The first surprise on opening this continuation of A Nation Under Our Feet is to notice artist Brian Stelfreeze, whose work was the best element of Book One, has been replaced by Chris Sprouse, also excellent, but with a very different style.

That first volume was almost the text book representation of the road to hell being paved with good intentions. It was so earnest, so determined to address so many social and cultural issues, that no consideration was given to any entertainment value, and it minimised the Black Panther himself. Sadly, not much has changed.

The major difference is the Panther now taking the centre stage. As the book opens he’s aware revolution is fermenting in his kingdom of Wakanda, but despite a series of hit and run raids on rebel strongholds he’s no closer to addressing the core problem. Ta-Nehisi Coates introduces several novel ideas in the way the Panther looks to solve matters, for instance a consultative conclave of the methods used by those who rule their countries with an iron fist. The manner in which this is later exploited is also good, but it’s among so much that’s tedious, Coates having the Panther philosophise and extemporise in minute detail. This is contrasted with the exploits of the Dora Milaje, once the Panther’s female protectors, now with independent ideas, T’Challa’s sister Shuri wandering the spirit world, and Tetu the revolutionary. The constant switching between three locations, with very little of note happening beyond continual homilies isn’t the smoothest ride.

If there’s a scene that exemplifies everything that’s wrong with Coates’ version of the Black Panther it’s toward the midway point as the Panther infiltrates the villain’s headquarters. Scenes of him bypassing obstacles are overlaid with a monologue. The intention may be to display the Panther’s mind is elsewhere, to accentuate the beliefs he holds dear, or to express that actions speak louder than words, but it comes across as dreary and unnecessary rambling.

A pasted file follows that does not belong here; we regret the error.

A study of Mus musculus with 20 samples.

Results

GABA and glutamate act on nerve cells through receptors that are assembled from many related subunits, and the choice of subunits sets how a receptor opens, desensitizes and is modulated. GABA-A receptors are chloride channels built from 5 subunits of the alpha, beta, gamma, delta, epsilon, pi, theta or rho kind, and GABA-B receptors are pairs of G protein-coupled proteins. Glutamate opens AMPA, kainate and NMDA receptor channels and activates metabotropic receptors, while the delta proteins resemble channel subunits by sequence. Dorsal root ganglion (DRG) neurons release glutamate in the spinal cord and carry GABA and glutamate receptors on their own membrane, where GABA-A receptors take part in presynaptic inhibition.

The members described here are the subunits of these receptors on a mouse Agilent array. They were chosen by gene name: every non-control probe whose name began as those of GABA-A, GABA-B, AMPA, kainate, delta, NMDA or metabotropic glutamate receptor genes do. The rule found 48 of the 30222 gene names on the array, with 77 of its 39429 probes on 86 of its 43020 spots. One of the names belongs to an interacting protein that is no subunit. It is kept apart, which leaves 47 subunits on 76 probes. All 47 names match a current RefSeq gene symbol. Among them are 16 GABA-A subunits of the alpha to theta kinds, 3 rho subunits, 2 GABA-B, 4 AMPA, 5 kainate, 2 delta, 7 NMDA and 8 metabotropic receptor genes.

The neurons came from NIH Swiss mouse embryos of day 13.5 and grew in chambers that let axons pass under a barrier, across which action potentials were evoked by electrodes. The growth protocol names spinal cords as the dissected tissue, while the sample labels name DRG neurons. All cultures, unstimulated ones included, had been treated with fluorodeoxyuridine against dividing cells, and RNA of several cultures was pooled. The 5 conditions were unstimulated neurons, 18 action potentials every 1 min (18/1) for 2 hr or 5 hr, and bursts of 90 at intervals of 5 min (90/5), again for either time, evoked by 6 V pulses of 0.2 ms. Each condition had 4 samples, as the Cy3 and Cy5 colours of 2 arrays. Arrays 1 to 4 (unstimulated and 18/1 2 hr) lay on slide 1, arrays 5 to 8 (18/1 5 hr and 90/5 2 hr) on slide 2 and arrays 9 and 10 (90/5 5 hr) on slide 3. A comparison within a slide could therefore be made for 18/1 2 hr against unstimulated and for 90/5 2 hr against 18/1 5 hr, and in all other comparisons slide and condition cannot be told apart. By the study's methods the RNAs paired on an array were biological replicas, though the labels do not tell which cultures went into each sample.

Such was Marvel’s faith in what Coates was doing that two spin-off titles were fast-tracked, World of Wakanda and Black Panther & the Crew. The latter consisted of African-American superheroes Luke Cage, Misty Knight, Manifold and Storm, and they’re introduced here as the rapid response solution to one of the issues plaguing the Panther. They’re a forced union, all the more so for T’Challa’s subsequent claim of aesthetics factoring into his choice. Oh to have the pretentious luxury.

Sprouse is a very good artist who raises the overall stock considerably, but not one prepared to provide the authentication Stelfreeze did. His locations work, but are more generic, not characterising a kingdom in the same fashion. Everything else works, and to begin with Sprouse sublimates his own methods to approximate the established style, only gradually moving more toward his familiar look.

It’s largely in vain, however. There’s a great intelligence infesting A Nation Under Our Feet, but the wonder of a story is in the telling, and this continues to be dull. Will Book Three change anything? Alternatively all three volumes are combined for the bulky paperback A Nation Under Our Feet, or this volume as a standalone as part of the Ultimate Graphic Novel Collection in the UK.